The students' view of Abu Dhabi

The Government's role in the economy in the United Arab Emirates is 'an eye-opener.

Powered by automated translation

Ghada Simon came to Abu Dhabi for a week with INSEAD's global executive programme in France. The 39-year-old works for the utility company Electricite de France (EDF) in Lebanon, and was keen to find out more about the emirate's energy projects. "They have been successful in their plans," Ms Simon said. "They have a vision and it's interesting to see the way they employ their natural resources such as oil to achieve that vision.

"Here you actually see a country that is still in its formative process. They have a goal as to where they want to go and they are achieving it. It's unique." As part of the programme, INSEAD usually takes its mature students to France or Singapore in their 15-month course. But since Abu Dhabi will launch a global executive MBA programme in October, it was decided to bring Ms Simon and the 73 fellow mature students to the UAE capital.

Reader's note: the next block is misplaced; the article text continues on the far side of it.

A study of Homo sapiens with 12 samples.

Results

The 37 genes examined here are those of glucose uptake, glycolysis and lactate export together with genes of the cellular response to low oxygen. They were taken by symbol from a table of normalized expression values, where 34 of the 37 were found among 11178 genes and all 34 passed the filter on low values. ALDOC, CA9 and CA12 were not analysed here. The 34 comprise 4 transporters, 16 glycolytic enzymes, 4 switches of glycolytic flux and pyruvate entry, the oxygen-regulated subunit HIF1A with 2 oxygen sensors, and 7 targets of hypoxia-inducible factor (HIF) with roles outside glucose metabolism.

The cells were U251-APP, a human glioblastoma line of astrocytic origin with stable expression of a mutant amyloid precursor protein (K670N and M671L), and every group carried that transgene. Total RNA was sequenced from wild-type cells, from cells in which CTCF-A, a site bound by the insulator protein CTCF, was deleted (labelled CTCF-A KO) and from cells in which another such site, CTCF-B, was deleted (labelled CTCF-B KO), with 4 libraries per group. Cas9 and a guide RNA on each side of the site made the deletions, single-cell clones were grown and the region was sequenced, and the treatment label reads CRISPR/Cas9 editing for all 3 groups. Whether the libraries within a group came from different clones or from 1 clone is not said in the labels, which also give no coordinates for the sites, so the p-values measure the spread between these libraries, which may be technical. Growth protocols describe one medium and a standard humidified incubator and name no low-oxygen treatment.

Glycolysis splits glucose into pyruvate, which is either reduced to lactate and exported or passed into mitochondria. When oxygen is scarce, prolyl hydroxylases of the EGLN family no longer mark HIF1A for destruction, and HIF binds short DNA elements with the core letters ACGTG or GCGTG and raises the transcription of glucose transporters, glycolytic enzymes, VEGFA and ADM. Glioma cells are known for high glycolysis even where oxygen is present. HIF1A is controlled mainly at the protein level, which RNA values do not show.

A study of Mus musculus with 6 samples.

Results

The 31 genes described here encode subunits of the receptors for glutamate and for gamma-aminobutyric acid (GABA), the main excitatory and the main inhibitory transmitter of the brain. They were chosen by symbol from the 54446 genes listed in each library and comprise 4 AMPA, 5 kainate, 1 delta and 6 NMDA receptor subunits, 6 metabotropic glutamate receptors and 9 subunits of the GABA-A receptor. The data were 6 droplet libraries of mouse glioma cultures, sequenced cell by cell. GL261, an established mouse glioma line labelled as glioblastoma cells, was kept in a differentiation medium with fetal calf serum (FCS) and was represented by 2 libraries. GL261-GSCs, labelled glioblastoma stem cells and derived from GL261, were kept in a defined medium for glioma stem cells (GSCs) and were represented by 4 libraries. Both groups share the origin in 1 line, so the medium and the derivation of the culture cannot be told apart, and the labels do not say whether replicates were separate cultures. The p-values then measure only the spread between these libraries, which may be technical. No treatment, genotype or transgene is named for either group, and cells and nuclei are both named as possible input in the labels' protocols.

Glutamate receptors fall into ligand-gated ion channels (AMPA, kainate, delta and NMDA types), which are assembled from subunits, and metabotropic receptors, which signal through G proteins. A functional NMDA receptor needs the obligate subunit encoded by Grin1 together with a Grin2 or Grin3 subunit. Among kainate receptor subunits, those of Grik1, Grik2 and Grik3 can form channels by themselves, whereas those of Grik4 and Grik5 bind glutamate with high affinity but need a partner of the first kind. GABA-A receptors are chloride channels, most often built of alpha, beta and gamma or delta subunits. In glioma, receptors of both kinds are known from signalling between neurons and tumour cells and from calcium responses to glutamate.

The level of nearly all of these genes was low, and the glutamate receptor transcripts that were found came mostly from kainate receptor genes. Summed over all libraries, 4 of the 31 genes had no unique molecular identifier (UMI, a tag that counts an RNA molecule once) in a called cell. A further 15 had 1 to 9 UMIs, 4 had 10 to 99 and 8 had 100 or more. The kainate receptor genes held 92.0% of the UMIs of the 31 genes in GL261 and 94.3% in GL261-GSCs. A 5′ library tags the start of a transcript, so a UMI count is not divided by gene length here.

Daphne Cheo, 36, who works for the French bank Calyon in Singapore says she did not realise that the Government here played such a major role in the economy. "It has been an eye-opener to see how it is different and how the Government plays a very big part in the whole economy," she says. "In Singapore, the private sector is the one playing a bigger role in the economy." The multicultural environment and the chance to take courses in different locations have helped INSEAD stay ahead of other business schools, according to one student.

"It is a very exciting programme for two reasons: first, it is very global in terms of the locations and participants," says Michael Muller, 41, who works for Deutsche Bank in Frankfurt. "So we have a huge variety of nationalities here and its quite exciting to spend time with them in different locations. The second is the quality of the programme." Members of the party that arrived in Abu Dhabi believe they are now better equipped to deal with a variety of business challenges.

"I hope eventually to do something on my own as an entrepreneur," says Philipp Farenholtz, 36, a German investment banker. Hisham Aloram, 42, a physician from Riyadh, has also reaped tremendous benefits from the programme. "I have noticed that now I approach things in a different way, I think about things differently," he says. "It has definitely helped me change how I function."